A bill which formally condemns for the first time the 40-year dictatorship of General Francisco Franco has been approved by Spain's parliament.
Franco's bid for immortality: The Valley of the Fallen
The measure declares illegitimate the summary military trials which led to the imprisonment or execution of thousands of Gen Franco's opponents.
It also requires all statues, plaques and symbols of the dictatorship to be removed from public buildings.
The conservative opposition said the government was re-opening old wounds.
The legislation, known as the "Law of Historical Memory", must still pass the Senate, although correspondents say this is a formality.
It would require local governments to fund efforts to unearth mass graves from Spain's 1936-39 Civil War.
Emilio Silva, president of an organisation that campaigns to exhume the bodies of civilians killed by Gen Franco's forces, said: "This is a very important moment for Spain.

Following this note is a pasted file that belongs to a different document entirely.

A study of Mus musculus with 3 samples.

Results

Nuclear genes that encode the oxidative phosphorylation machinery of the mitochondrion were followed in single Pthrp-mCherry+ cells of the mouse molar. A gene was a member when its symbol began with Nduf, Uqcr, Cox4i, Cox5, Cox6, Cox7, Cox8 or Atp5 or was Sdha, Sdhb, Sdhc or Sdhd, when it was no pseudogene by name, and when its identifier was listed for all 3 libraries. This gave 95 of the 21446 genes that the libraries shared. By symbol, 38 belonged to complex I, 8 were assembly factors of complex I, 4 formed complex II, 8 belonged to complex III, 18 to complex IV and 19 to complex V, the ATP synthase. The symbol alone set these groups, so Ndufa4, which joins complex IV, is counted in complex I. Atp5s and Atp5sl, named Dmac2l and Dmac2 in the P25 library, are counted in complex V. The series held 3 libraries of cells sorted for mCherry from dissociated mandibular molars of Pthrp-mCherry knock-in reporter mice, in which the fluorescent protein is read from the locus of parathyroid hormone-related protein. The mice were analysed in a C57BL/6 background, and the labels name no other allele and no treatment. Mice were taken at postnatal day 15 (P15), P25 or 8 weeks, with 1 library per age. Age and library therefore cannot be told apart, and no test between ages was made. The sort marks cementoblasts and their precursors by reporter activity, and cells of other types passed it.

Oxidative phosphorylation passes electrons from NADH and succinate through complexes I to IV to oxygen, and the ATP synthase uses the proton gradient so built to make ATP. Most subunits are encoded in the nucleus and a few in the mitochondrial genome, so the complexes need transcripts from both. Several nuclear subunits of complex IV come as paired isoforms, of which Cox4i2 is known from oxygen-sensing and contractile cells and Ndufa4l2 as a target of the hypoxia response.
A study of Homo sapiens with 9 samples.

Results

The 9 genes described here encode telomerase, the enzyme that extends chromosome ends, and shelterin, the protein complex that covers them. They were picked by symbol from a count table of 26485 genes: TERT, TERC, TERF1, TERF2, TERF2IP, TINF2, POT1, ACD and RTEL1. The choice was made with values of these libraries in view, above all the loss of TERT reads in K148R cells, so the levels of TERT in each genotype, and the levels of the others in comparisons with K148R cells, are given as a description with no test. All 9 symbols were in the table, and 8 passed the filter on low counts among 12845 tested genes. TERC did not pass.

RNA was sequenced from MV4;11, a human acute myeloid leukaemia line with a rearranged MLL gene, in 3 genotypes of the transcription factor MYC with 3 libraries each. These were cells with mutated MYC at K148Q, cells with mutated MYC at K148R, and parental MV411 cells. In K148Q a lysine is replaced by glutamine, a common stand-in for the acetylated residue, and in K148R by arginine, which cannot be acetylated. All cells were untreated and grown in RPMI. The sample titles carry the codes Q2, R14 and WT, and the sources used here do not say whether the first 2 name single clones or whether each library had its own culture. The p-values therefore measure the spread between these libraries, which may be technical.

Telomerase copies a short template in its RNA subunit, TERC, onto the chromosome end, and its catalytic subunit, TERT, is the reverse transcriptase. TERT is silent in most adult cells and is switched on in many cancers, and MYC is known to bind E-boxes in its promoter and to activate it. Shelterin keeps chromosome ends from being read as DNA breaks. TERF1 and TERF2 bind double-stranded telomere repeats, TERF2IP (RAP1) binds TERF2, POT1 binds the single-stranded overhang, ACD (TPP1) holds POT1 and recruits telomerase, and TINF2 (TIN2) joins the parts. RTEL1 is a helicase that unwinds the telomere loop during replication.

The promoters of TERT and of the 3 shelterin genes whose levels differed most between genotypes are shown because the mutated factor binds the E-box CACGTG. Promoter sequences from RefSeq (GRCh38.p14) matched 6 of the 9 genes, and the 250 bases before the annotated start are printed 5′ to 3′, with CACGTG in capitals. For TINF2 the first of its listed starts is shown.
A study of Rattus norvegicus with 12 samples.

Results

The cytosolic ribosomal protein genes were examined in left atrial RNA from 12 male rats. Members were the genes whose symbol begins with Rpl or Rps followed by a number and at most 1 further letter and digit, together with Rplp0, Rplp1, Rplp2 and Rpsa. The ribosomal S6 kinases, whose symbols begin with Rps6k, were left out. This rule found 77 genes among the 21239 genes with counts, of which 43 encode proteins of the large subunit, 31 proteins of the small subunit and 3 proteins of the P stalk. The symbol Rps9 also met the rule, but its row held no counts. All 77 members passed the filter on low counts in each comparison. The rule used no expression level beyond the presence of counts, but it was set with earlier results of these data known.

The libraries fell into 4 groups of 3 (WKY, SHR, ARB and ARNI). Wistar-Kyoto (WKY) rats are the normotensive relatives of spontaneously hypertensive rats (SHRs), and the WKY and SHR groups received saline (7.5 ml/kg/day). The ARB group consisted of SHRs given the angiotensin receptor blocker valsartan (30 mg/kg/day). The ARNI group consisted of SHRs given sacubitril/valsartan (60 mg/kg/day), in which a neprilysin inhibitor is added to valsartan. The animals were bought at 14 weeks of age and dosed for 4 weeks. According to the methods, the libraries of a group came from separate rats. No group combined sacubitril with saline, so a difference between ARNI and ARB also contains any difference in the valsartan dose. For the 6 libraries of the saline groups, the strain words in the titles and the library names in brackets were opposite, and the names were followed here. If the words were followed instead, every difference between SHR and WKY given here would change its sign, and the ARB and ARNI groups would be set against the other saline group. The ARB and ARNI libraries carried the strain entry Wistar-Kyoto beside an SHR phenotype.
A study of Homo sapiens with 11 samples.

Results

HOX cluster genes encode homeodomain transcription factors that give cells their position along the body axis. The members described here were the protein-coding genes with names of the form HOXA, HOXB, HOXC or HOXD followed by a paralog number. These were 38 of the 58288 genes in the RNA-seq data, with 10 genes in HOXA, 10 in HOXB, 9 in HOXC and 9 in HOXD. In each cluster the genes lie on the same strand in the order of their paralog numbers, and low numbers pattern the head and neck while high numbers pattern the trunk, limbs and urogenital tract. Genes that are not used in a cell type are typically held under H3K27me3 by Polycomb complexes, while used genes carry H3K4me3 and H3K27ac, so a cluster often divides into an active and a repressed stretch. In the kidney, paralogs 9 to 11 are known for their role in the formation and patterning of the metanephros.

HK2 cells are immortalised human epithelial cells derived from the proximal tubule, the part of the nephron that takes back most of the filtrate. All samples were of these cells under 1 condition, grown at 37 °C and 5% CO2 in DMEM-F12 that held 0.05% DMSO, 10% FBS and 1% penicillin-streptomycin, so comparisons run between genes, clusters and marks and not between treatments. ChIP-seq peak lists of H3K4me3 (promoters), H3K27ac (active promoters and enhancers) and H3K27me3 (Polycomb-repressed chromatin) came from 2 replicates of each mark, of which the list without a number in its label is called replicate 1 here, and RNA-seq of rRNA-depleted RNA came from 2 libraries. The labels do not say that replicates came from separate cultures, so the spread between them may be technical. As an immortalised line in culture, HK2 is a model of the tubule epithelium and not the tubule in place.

"But this law is the beginning, not the end, and it is long overdue."
Socialist Prime Minister Jose Luis Rodriguez Zapatero, whose own grandfather was among those executed by Gen Franco's forces, has made the bill a government priority.
But conservative former Prime Minister Jose Maria Aznar, Mr Zapatero's predecessor, has said it is not for the government to "dig up tombs".
The deputy leader of Mr Aznar's Popular Party, Angel Acebes, said before Wednesday's vote: "Zapatero wants to divide Spaniards and turn them against each other."
The legislation also seeks to make symbolic amends to all victims of the war.
This includes Roman Catholic clergy and others killed by militias loyal to the leftist Republican government that Gen Franco rose up against.
Last weekend the Vatican beatified nearly 500 Roman Catholics executed during the civil war, in the largest ceremony of its kind ever held.